One of the reasons I’m excited to be home for the holidays right now is because there is so much of great interest going on at the Met. Two exhibits in particular struck my fancy, and I am so glad that I was able to be here to see them.
First, the Met’s first major show of contemporary Chinese art, entitled simply Ink Art. Though dominating the main Chinese galleries, I thought it a quite fun and interesting move that the show also spills over into all of the other Chinese spaces in the museum’s Asia wing, with contemporary pieces interspersed among traditional and historical artworks. I walked into the first of the Chinese galleries – which features massive Buddhist wall painting and sculpture – expecting to have to keep my eyes open for signs, or simply to ask, where the Ink Art exhibit was. But, as soon as I walked in, there they were – a set of stunning scrolls hanging from the ceiling, in bold, bright, mineral pigments (below), and another set, in monochrome ink on paper streaming along one wall. Each uses traditional formats and media, a link to history and tradition, rather than a break from it, as they address new, modern, contemporary subjects. All too often, we tend to see history as broken into two parts – the historical or traditional, and the modern or contemporary. But, even as people throughout history, whether in Song Dynasty China or Renaissance Italy, saw themselves as “modern” or at least as “contemporary” – even as they saw their own lives as “now” and the past as past – they addressed what for them were very modern, very new, very “now” topics and issues, in forms and styles and media which developed directly out of the traditions of the past. Ming Dynasty painters addressed the issues of their times, what for them were very contemporary issues, in modes and styles of the Song and Yuan, in inks, in birds & flowers, in mountain landscapes on scrolls of silk and paper. Can we not today do the same? Must we throw out the traditions of the past to produce things as utterly and completely “new,” different, “modern” as possible? Why should it be seen as so radical that we, in 2013 as in 1013, address the issues and topics of “contemporary” Chinese society in ink painting?
Curator Maxwell Hearn and his team have truly done an outstanding job choosing works for this exhibit. So many of them are by big-name artists, who I was quite excited to see – it’s a great feeling to feel you’re looking at works by Ai Weiwei, Gu Wenda, Xu Bing. Weeks or months or years from now, I can say I’m familiar with those artists; I can say I’ve seen those works. And, fame or name aside, they are truly great works. Not trying to be international, pan-cultural, or acultural, not trying to blend in with the global “modern art” scene, these works engage directly with Chinese identity, culture, history, tradition, and do things uniquely Chinese while at the same time no less cutting-edge, no less modern, than what any Western artist is doing. And they are so much deeper, more multi-layered, more meaningful for it. To name just one example, a work by Gu Wenda features large Chinese characters written in a grid, in black and red on white paper. Each character is covered by a large X or O, a typical technique in East Asian school culture for marking correct and incorrect work. And, as the gallery label explains, in this particular work, the criteria for why each given character is marked right or wrong is left quite unclear, evoking resonances of Cultural Revolution era censorship and re-education. It’s a work with a (relatively/somewhat) overt political message, but not so stark that the message overrides the traditional referents (like traditional calligraphy, but quite untraditional as well) or general aesthetic appearance.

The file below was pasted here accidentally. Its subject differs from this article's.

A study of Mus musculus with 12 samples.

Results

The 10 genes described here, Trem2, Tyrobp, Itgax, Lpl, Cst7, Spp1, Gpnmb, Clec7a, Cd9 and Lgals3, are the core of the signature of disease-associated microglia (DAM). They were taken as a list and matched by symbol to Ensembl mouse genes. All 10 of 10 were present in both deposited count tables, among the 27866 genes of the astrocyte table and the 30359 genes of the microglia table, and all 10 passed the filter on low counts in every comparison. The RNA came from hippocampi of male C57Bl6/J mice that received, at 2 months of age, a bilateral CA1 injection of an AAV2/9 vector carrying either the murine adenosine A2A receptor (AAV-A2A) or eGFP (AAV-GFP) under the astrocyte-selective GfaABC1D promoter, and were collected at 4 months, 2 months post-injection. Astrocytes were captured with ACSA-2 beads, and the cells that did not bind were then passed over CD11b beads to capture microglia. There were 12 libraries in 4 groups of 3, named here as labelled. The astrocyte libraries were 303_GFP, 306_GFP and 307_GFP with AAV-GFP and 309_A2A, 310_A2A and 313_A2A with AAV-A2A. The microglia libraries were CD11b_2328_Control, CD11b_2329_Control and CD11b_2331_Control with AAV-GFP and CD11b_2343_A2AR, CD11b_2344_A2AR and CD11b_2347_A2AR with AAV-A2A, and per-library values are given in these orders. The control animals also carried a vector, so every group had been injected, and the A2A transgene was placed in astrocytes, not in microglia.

I enjoyed, too, a map of China by Ai Weiwei made of pieces of wood re-purposed from Buddhist temples, showing that China is made up (literally) of its past, of its traditions, and that even when one perhaps cannot see the traditional influence or traditional origins (wood is wood, and you’d never know this was from temples if not for the gallery label), it’s still there. Xu Bing’s “Book from the Sky” was also installed – easily one of the most famous, most iconic works of Chinese contemporary art (1980s to present), it was a great privilege to get to see this in person, after seeing it so many times in books, in lecture slides, and online.
And, finally, I really quite liked how the museum incorporated works into the rest of the Chinese galleries. Scholars’ rocks in steel and rubber took up positions within the otherwise quite traditional-feeling space of the Astor Court Chinese garden, and a plastic sculpture of a Qing dynasty dragon robe stood alongside a collection of actual Qing dynasty robes, with each of the contemporary pieces clearly labeled with the Ink Art logo, and nicely juxtaposed against the traditional objects to which they refer, or upon which they draw.
Chinese contemporary art remains among the most vibrant, most interesting, most culturally & politically engaged contemporary art scenes in the world. I am so glad to have been introduced to it by Prof. Aida Wong, and to have gotten the chance to see so many wonderful exhibits of it in recent years, keeping me always discovering new works, my enjoyment of these artists and what they do growing every time.
Ink Art: Past as Present in Contemporary China is up at the Metropolitan Museum of Art in NYC through April 6, 2014.